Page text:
By Senad Karaahmetovic
US futures were mixed in premarket Monday after stocks secured a strong weekly close on Friday. They are down about 0.2% while trading almost 0.4% higher.
Last week it rose 3.5% – its biggest weekly gain since November. The index is now approaching the 100 weekly moving average at 4205. On the valuation front, forward 12-month P/E ratio for the S&P 500 is 17.8, which is below the 5-year average (18.5%), but above the 10-year average (17.3).
Stocks were boosted by easing concerns about the health of the banking sector, while — the Fed’s preferred measure of inflation — came in below expectations on Friday, further fueling a rally in stocks.
(IXIC) rose 3.4% as it nears 2023 highs. ( DJI ) closed the week 3.2% higher with key near-term resistance sitting about 2% higher from current levels.
The key data for this week are Fridays and they come on the day the market is closed (Good Friday). Also, it’s out later today while it’s out on Wednesday.
The first quarter earnings season is about to begin
Earnings season for 1Q23 is expected to start later this month when the big banks come out with their quarterly results. The banks’ earnings will be under particular scrutiny after last month’s developments and the historic collapse of Silicon Valley Bank.
According to Barclays data, US deposits fell by $133 billion in the week ended March 22 after losing $129 billion in the week ended March 15.
Several companies have already reported their Q1 results with FactSet noting that 16 out of 17 S&P 500 companies reported an EPS beat for Q1. Vital Knowledge analysts expect the first quarter earnings season to be “rife with volatility.”
Analysts expect earnings to decline 6.6%, which would mark the biggest profit decline reported by the S&P 500 since the second quarter of 2020 (-31.8%). In terms of guidance, as many as 79 S&P 500 companies have issued negative EPS guidance.
According to FactSet, analysts cut their EPS estimates more than normal in the first quarter.
“The decline in bottom-up EPS estimates recorded in the first quarter was greater than the 5-year average, 10-year average, 15-year average and 20-year average.”
Still, the forward 12-month P/E ratio for the S&P 500 has increased since December as the skyrocketing index valuation has managed to offset lowered EPS estimates for 2023.
What analysts are saying about stocks
Oppenheimer: “The S&P 500 is stabilizing from its downtrend in 2022, and we think is more likely to break higher because the market leadership since Q4’22 has been stronger than a bear market rally. The market can be irrational, especially for short periods, but we would argue that economic signals can mislead investors more than market signals.”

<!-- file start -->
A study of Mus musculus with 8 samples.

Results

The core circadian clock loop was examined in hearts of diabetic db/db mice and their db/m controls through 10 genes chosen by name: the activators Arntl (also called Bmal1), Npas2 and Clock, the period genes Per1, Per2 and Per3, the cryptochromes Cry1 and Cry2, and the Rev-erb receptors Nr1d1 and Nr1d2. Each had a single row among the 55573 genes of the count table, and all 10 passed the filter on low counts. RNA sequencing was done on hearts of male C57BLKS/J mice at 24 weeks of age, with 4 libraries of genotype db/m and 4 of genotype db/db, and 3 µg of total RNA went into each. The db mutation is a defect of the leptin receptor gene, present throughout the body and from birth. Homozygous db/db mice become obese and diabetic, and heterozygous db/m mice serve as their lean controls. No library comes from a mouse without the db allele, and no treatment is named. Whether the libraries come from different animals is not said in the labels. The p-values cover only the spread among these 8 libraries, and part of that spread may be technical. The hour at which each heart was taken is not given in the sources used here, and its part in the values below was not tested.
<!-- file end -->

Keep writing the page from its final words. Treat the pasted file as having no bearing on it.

Wells Fargo: “Continue to reduce cyclicality and risk with SPX above 4100. Maintain our 4200 closing price target. Observing a growing number of risks in 2H23: debt ceiling, tighter economic conditions, CRE and a possible resumption of student loan payments.”
JPMorgan: “Our view [is] that the shares will weaken during the rest of the year. We were bullish on stocks in the fourth quarter, and we expected positive trading to spill over into the first quarter, but we think one should be UW stocks from here.”
Morgan Stanley: “We think investors should continue to position portfolios more defensively and focus on companies that demonstrate high operational efficiency and high quality earnings (high cash flow relative to reported earnings and stable accruals). We see little evidence that a new bull market has begun and believe the bear still has unfinished business.”
Goldman Sachs: “While history suggests upside risk to our forecast for a flat S&P 500, we believe valuations and earnings each face specific headwinds that will prevent near-term returns from being as strong as usual.”
Vital Knowledge: “The data should be a tailwind for stocks as inflation resumes and the labor market cools – this is likely to be the catalyst that gets the SPX to ~4200-4300 by the end of April).”
Sevens Report: “The banking crisis has overshadowed economic statistics and inflation for most of March, but that should change this week when the key economic reports for March are released. For stocks to hold these recent gains, we need to see 1) hints that inflation is starting again and 2) a stable economy (and no signs of stagflation).”